Now I love art history and I can tolerate the driest of history programmes (much to Tom’s boredom) but even I find art museums can often be hit-and-miss. Fortunately for us both (poor Tom) every aspect of this museum surpassed expectations.
Firstly, the building is a masterpiece and pays homage to the region’s Moorish, Visigoth, Catholic and Arabic heritage. With loads of architectural detail to enjoy, you could spend hours in the museum’s outdoor courtyards listening to the birdsong and running fountains, dozing on a bench in the sun under the dappled light of the rustling palm fronds, or watching the bright blue sky above. Pure delight. (…is my poetic writing selling it yet?).
For architectural buffs there’s exquisite detail found in pretty much every corner – grand staircases, frescoes in the great hall, carved wooden ceilings; magnificent to enjoy (….if you haven’t fallen asleep in the courtyard first). Originally a convent (lucky nuns), the use was changed to an art gallery in the mid 1800’s. See the front of the building here.
European art collections can be hit and miss too: often a few chance second-rate pieces cobbled together, but this collection does not disappoint. It isn’t too large but the quality is top notch, and what it does have tells a convincing story – how refreshing.
Representing all of Europe from the 1400’s to the present day, like the Wallace Collection in London, this museum houses paintings, drawings, sculpture, firearms, ceramics, fabrics and more – much donated by local citizens. But most of it is not on display sadly – I wanted more!
The collection starts in room one by exploring the region’s Catholic heritage with few but exemplary paintings of Spanish Medieval and Renaissance of the 1400’s and 1500’s. With typical gold-adorned altarpieces and stylistic portraits of saints and religious figures, this really sets the scene for Spanish art.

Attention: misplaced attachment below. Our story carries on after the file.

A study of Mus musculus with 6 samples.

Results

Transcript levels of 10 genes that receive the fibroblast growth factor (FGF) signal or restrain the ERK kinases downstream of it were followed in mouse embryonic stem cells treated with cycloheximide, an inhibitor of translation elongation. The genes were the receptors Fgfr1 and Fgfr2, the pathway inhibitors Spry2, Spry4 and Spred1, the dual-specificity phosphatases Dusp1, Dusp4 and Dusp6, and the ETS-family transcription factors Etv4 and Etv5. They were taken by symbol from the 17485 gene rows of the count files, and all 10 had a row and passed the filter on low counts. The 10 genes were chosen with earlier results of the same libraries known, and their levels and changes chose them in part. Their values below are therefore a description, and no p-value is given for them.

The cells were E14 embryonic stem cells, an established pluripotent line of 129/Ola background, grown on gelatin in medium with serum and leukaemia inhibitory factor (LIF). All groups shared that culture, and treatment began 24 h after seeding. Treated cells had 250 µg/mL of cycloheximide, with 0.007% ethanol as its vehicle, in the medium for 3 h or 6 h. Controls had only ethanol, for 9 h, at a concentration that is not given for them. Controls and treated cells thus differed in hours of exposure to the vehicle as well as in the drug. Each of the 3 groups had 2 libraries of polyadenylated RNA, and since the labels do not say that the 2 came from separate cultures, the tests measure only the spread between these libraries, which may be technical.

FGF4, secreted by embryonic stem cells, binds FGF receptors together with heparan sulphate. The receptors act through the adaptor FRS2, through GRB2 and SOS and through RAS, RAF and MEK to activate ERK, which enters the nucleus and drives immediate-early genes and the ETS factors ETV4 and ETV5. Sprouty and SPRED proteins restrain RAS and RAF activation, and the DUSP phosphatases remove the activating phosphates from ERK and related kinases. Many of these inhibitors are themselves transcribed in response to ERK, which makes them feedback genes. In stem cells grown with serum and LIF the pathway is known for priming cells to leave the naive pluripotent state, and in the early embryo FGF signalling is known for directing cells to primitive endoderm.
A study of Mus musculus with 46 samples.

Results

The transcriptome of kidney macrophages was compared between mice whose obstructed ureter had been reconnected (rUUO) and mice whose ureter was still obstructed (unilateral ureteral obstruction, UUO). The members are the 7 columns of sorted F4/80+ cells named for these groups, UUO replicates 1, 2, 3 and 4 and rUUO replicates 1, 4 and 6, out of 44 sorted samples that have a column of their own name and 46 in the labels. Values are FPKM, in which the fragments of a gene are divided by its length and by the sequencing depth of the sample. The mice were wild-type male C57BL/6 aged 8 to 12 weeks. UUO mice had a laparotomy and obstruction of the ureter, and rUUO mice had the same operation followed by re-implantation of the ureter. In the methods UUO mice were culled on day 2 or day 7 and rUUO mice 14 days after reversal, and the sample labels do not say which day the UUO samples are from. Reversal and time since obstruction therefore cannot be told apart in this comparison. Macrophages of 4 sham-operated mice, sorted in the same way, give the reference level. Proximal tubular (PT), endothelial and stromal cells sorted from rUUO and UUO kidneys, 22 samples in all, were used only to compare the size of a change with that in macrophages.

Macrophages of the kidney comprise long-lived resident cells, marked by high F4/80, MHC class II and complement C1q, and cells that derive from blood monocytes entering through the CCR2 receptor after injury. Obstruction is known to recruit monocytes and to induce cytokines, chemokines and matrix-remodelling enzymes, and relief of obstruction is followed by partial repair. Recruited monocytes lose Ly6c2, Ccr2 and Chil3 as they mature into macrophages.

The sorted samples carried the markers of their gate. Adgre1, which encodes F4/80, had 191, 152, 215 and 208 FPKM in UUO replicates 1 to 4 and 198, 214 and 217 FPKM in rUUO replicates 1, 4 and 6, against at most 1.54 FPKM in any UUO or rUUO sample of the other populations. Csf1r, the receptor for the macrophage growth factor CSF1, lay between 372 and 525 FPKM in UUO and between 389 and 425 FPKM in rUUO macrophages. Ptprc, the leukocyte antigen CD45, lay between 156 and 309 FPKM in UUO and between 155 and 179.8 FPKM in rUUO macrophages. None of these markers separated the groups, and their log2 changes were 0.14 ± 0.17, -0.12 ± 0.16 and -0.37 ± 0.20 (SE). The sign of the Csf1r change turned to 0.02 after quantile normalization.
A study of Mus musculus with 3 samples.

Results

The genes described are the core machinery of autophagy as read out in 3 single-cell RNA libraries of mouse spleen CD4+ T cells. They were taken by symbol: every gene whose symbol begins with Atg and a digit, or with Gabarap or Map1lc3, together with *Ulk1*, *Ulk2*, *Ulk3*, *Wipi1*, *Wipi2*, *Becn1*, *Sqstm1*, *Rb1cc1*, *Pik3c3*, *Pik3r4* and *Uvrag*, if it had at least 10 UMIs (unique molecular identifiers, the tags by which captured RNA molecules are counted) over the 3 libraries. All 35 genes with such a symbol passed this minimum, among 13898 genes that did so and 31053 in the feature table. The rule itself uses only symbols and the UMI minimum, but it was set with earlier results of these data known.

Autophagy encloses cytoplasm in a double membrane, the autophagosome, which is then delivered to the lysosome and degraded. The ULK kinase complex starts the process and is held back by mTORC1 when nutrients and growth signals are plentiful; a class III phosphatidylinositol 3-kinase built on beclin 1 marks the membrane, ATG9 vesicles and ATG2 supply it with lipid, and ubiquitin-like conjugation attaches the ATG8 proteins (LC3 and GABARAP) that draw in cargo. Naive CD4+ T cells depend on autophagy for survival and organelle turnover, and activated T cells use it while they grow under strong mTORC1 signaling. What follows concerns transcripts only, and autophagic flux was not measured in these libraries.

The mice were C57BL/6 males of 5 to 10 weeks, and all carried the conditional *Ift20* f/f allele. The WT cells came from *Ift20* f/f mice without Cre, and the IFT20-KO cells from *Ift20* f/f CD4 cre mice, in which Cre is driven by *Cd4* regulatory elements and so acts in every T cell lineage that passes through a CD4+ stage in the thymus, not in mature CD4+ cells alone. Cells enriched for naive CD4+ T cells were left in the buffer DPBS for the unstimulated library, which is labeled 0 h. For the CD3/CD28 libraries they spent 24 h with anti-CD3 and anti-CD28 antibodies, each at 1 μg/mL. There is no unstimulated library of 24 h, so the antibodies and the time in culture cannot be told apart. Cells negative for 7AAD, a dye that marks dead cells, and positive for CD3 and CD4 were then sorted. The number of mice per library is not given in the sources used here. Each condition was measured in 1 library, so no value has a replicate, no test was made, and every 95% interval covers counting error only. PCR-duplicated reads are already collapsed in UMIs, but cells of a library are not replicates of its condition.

Focusing on quality not quantity, the rooms swiftly move you through the story of art: High Renaissance, Mannerism, Baroque, Rococo, Neo-Classicism, Romanticism, Realism and on to the 20th Century. All extremely absorbing.
What works best about this museum is that while the collection convincingly tells the story of the whole of Europe, it brings the conversation back to Sevillian art. It houses some of Spain’s biggest artists such as Velazquez, Zurbaran, Murillo and Juan De Mesa, leaving you feeling that you’ve learned something locally cultural, and are that bit closer to this vibrant society. This is a museum and people proud to declare their artistic and cultural heritage.
Stand-out hits for me are works by Zurbaran, El Greco and a four-canvas series by artist Barrera, showcasing the four seasons and the harvest from each. Zurbaran is one of my favourite painters for his drama, realism, attention to detail and exquisite technique – while a couple paintings reside in the National Gallery in London, little is available outside of Spain so this was a treat. (His ability to represent fabrics still impresses me – see the image below.)
The most memorable is the art of the Sevillian school of the early 20th century. It is a movement less well-known outside of Spain than the earlier greats and so for me the most interesting. Vibrant and colourful canvases by Javier de Winthuysen, Eugenio Hermoso, Diego Lopez and Felix Lacárcel, López Cabrera and Jiménez Alpériz to name a few. This all contributes significantly and importantly to telling the story of 20th Century Sevillian art.
And if all else fails: you have little time on your schedule or aren’t an art lover (….what are you going here?), the public push-bike station is right outside the entrance so you can whip round, whizz past, and swiftly refresh yourself at the local tapas bar down the street (the kind where they don’t speak English and instead serve pigs’ trotters – *not obligatory to eat by the way – Tortilla Espanola available too*). Phew.